446: Ilise Benun - The Niche Debate

The Self-Employed Life

Nov 14 2018 • 45 mins

So many creative professionals get frustrated with the idea that they need to have a “niche.” We don’t like to feel like we’re being painted in a corner. It can feel paralyzing. We think to ourselves, “Why do I need to choose just one thing!” Most of us are driven by feeling fulfilled by the creative work that we do. We don’t want to sacrifice it for the sake of the business. So how can we find the direction that will make us successful in our work and then focus on it?

The good thing is, you won’t know what your niche is immediately. It takes time to even begin thinking about it.  You can then refine it as you go. The key to a niche is that it does not come from inside (what do I want), it comes from outside (what does the market need). If you’re sensitive and empathetic, you will be able to see where your skills can be most used. It doesn’t have to be just one thing.

To dive deeper into the idea of “niche,” I’ve brought on author, speaker and coach Ilise Benun. Ilise is the author of 7 books for the “creatively self-employed” and founder of Marketing-Mentor.com. She tailors her one-on-one mentoring to the needs of each and every creative professional who engages her and helps you build the business that provides the freedom you want.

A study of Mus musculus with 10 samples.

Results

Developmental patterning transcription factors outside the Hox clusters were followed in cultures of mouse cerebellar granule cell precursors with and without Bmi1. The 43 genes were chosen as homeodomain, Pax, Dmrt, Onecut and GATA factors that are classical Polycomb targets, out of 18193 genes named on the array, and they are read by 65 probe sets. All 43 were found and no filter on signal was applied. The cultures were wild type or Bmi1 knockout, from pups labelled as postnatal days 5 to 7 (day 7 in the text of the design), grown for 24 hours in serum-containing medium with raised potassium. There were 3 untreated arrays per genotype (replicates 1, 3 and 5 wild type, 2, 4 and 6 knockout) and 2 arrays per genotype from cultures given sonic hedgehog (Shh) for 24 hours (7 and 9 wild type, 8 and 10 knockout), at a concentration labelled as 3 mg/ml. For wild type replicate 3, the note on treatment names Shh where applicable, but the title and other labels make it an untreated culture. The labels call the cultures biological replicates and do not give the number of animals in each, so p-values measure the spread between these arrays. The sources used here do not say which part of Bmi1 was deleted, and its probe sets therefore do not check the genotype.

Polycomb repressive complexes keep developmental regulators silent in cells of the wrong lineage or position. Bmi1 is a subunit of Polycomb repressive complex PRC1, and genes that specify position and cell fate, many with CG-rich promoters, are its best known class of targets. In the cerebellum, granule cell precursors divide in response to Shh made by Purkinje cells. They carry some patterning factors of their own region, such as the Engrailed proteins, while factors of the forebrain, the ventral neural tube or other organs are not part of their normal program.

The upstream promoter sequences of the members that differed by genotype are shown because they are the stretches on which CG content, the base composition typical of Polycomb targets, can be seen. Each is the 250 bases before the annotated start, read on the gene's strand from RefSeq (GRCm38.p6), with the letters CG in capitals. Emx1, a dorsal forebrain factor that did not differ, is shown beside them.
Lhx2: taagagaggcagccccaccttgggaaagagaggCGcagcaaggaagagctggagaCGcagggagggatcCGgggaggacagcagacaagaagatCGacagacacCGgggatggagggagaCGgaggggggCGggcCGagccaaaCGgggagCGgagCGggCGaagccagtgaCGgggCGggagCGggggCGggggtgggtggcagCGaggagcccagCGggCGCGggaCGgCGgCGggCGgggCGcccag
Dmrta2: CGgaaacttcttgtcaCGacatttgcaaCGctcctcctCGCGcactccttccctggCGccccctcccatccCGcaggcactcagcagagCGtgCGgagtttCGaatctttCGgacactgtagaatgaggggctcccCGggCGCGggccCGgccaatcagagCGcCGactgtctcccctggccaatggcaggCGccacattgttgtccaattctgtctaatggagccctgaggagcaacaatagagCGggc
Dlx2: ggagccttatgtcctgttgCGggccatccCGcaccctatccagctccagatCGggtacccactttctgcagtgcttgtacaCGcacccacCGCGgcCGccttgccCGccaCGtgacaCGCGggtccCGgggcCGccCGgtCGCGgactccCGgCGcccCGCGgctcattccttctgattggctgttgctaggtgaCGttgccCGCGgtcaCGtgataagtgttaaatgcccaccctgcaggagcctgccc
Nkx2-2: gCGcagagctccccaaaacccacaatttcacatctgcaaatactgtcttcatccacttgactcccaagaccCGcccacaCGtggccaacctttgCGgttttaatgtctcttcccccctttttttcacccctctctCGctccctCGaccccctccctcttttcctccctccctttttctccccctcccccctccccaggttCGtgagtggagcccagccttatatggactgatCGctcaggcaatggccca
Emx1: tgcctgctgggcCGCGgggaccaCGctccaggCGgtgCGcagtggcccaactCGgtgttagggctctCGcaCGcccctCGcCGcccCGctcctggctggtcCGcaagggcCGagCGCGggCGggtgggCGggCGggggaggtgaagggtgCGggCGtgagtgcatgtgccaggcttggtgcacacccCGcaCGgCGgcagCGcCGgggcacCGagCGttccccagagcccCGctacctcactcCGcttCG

To learn what it means to choose your niche and how it can help you focus, download this episode now.


“It is your responsibility to build the muscle of self-confidence.” -Ilise Benun

Highlights -

  • Weed out what’s irrelevant, and weed in what’s relevant.
  • Finding your niche is refining your focus little by little over time.
  • The niche is so deep that there is infinite work to be done.
  • People hardly ever pick the right niche first.
  • The obstacle between focus and direction is the inability to say no.
  • You don’t have to know immediately if you said no to the right projects
  • Creative people are able to stand out in their work but often not on the business side.
  • There are three questions to ask to figure out your pricing: who are you talking to, what can they afford, and do they value what you’re selling.